This is background information for Part 1.
About six years ago, I was taught a dice game called Farkle. If you haven’t heard of it, it is not the same as Yahtzee, but it is close enough for this discussion.
I have been meaning to get around to modelling Farkle, and coming up with an optimal strategy. However, I
quickly eventually realised that there was an element of Game Theory I didn’t know enough about. I understand trying to maximise your expected value on each turn. I understand minimaxing between turns. However, I don’t have a good grasp of how to optimise taking greater risks when you are falling behind, and playing safe when you are far in front. In short, I need to learn about Expectimax, and related areas.
Before I get formal, I wanted to play a little with the ideas I’ve already had independently. My main goal for this exercise: see if my ideas about data structures and algorithms for probability distributions would work.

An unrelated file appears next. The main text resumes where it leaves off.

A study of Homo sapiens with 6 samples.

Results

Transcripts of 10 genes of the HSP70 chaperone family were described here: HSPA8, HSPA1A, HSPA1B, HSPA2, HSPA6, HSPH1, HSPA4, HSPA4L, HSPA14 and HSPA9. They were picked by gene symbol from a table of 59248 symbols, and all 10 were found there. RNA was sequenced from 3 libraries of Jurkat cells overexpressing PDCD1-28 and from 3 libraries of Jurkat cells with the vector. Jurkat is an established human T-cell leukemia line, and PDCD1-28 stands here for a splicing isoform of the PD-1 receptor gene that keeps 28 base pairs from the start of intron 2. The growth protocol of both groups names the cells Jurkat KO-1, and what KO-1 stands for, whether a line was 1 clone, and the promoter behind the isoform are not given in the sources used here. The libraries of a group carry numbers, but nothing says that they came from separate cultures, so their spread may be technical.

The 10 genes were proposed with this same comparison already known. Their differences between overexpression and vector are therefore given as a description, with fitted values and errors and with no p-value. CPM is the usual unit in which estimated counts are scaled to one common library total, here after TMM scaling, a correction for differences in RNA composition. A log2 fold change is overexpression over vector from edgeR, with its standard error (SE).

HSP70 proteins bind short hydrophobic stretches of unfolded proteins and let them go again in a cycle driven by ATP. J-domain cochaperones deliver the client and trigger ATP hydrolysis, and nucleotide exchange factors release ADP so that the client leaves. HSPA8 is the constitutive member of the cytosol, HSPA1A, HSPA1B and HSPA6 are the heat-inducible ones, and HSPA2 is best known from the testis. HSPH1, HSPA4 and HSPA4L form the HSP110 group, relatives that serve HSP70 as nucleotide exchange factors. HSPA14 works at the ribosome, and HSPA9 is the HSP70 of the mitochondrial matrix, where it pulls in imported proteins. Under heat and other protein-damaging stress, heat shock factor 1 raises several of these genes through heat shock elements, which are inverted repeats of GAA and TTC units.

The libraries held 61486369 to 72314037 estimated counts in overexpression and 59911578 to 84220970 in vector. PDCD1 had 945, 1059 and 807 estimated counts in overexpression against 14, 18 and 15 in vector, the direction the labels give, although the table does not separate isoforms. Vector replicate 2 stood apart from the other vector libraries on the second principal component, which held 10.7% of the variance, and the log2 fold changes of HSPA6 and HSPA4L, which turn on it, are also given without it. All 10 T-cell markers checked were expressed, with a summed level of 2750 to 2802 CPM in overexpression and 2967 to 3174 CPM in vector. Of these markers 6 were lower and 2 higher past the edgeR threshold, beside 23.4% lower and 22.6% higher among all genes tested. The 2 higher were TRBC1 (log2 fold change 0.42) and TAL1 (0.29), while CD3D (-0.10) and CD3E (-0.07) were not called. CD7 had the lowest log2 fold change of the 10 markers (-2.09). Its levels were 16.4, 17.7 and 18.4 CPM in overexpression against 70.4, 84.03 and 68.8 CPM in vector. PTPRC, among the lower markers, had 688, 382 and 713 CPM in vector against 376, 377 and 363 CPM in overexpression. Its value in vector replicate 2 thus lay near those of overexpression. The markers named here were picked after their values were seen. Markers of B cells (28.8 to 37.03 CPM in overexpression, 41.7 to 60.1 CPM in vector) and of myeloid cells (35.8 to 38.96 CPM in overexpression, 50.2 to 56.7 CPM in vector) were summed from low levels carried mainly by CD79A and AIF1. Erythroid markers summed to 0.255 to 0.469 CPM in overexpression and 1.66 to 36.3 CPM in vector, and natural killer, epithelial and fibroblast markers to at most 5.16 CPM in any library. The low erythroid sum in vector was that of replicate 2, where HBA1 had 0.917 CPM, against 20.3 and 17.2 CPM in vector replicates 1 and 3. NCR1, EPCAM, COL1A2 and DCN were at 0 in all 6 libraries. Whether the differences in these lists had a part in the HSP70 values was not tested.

The reason for all these different, related, games, was to allow me to incrementally work on the features of the code, from simplest to more complex.
In short, the answer was yes, but I learned a lot along the way. I over-engineered some parts, and under-engineered others. I haven’t shown that it scales for a full-sized game. I am ready to ditch what I wrote and start again for a much better implementation. In other words, I am a happy developer, playing.
To be clear, my approach is not a Monte Carlo simulation. It looks at every outcome, and the possibility that outcome will eventuate.
My secondary goal was to see if I could come up with some moderately interesting strategies with these simple rules.
What do I mean by interesting? Well, jumping ahead, the Basic Strategy is boring. You decide whether to throw each of dice independently, based only on its own pips. You could decide whether to re-roll the blue die even before you had seen the red die.
A more interesting strategy would be if you needed to see the blue die before deciding whether to re-roll the red die.
A really interesting strategy (for small values of “really”) would be if the strategy recommended breaking up doubles – in particular a double 4. If you rolled two fours, but the total of eight wasn’t sufficient to win frequently enough, you might reasonably re-roll both of them, but it would be cool if the optimal strategy was to re-roll one, but keep the other. As I added new rules to the games, I was watching for that to be optimal strategy.
See Part 3 to see how I did against these secondary goals.